Holly+Echsner%2C+Amy+Oliverio%2C+Gabriel+Igtanloc+and+Noah+Jackman+perform+%E2%80%9CMan+of+My+Dreams.%E2%80%9D
Holly Echsner, Amy Oliverio, Gabriel Igtanloc and Noah Jackman perform “Man of My Dreams.”

Holly Echsner, Amy Oliverio, Gabriel Igtanloc and Noah Jackman perform “Man of My Dreams.”

Courtesy of Domonique Evans

Courtesy of Domonique Evans

Holly Echsner, Amy Oliverio, Gabriel Igtanloc and Noah Jackman perform “Man of My Dreams.”

by Alex Noble, Staff Writer


Dissatisfied with the types of roles assigned to them, Justin Paul and Benj Pasek, the composing duo behind the tunes of “La La Land” and “Dear Evan Hansen,” sought to create a musical that reflected what they were going through as students at the University of Michigan.

The result was “Edges,” a song cycle comprised of 16 vignettes dedicated to the trials and tribulations of college and young adulthood.

“Edges” is the latest musical to be brought to life by the San Diego State theatre department. This production was lent an extra layer of authenticity by its directors, five students from the musical theatre graduate program: Jonathan Brugioni, Leo Yu-Ning Chang, Domonique Evans, Kimberly Moller and Susanna Vaughan.

Although none of the students had directed a full musical before, second year graduate student Susanna Vaughan was excited to get the chance to apply everything she had learned in class to a professional context.

“It took us a little while to figure out what our cohesive vision was,” Vaughan said. “But once we got into our groove, we were able to really riff off of each other. We’re all really open to each other’s ideas.”

Kimberly Moller, another second year masters student, believes the unorthodox directing team found strength in numbers.

“We made sure that we were in good communication with the whole production team and the actors,” Moller said. “We were limited in that we had never worked in the space before but it paid off. We figured it out for the better and the show is running smoothly.”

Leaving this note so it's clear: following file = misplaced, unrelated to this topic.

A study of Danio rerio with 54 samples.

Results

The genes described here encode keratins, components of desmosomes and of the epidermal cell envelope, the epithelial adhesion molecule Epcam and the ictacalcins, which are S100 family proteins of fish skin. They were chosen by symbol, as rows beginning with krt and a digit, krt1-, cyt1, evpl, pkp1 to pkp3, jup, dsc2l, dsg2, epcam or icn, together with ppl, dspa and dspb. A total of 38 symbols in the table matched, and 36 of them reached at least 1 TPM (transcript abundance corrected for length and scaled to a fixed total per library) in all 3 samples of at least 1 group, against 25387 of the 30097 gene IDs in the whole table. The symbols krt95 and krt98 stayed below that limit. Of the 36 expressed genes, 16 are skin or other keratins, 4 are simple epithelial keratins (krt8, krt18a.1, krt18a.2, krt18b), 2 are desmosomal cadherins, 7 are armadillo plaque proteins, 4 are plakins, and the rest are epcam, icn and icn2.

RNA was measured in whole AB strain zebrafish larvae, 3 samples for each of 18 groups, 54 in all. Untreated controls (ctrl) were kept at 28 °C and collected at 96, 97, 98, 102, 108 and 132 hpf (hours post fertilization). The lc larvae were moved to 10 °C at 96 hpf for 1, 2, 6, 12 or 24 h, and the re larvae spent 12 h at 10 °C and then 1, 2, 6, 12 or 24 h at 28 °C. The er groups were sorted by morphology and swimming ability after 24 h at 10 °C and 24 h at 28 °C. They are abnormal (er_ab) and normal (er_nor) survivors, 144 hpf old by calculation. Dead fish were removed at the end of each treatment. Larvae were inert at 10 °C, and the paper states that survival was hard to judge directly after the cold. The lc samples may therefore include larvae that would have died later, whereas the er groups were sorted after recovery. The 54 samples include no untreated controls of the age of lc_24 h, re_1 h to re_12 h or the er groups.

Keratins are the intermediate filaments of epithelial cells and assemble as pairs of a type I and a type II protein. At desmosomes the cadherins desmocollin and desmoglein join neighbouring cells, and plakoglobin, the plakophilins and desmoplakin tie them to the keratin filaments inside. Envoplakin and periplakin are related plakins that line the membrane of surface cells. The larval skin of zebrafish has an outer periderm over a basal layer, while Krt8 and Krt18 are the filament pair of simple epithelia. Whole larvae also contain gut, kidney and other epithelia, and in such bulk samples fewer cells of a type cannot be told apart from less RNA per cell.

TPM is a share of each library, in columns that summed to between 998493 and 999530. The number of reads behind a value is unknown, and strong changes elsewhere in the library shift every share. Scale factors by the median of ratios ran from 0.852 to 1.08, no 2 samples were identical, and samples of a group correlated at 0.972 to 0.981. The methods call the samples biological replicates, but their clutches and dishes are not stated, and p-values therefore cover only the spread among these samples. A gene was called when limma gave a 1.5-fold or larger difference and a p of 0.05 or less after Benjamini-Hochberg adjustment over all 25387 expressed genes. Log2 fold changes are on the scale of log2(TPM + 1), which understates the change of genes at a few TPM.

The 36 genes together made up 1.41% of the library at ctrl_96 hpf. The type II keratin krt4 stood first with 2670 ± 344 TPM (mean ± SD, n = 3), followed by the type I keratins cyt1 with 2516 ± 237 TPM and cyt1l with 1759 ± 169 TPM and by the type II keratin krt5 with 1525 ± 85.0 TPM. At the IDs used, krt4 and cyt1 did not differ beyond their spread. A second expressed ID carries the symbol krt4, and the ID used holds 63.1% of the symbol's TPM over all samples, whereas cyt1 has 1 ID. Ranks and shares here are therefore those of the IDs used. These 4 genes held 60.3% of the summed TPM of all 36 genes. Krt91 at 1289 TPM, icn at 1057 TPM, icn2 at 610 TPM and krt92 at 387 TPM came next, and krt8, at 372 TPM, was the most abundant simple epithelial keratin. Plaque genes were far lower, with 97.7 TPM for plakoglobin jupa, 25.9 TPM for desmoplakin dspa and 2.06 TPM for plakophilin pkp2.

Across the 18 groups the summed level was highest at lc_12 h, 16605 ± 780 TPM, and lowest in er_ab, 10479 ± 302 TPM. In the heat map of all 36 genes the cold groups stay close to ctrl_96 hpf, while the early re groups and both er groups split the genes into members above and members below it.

The directors divided the songs amongst themselves in a way that magnified each other’s strengths. Vaughan, for instance, handled a portion of the choreography as Moller did for vocals.

“Since there’s no specific time, location or even names for some of the characters,” Vaughan said. “A lot of our work as well as the actors’ was up to interpretation. We just told them to relate their parts to their own lives.”

This sense of authenticity is “Edges’” greatest strength.

The show’s highlights are numbers like “In Short” and “Man of My Dreams,” where the sardonic yet honest takes on some of life’s most awkward and embarrassing situations.

The occasional dips into clichéd territory are ultimately offset by these moments recognizing the more nuanced conflicts inherent to growing up. The actors’ resonance with the source material was crystal clear through everyone’s ability to seamlessly embody specific yet universal aspects of the college experience.

“Figuring out what you need to be true to yourself and connect with others is a huge aspect of this work,” Moller said. “Reinvention and facing the world on your own is something that we all struggle not only as artists but as people.”

Catch “Edges” from Oct. 27 to Nov. 5 at the Experimental Theatre. Tickets are $20 for general admission and $17 for students and seniors.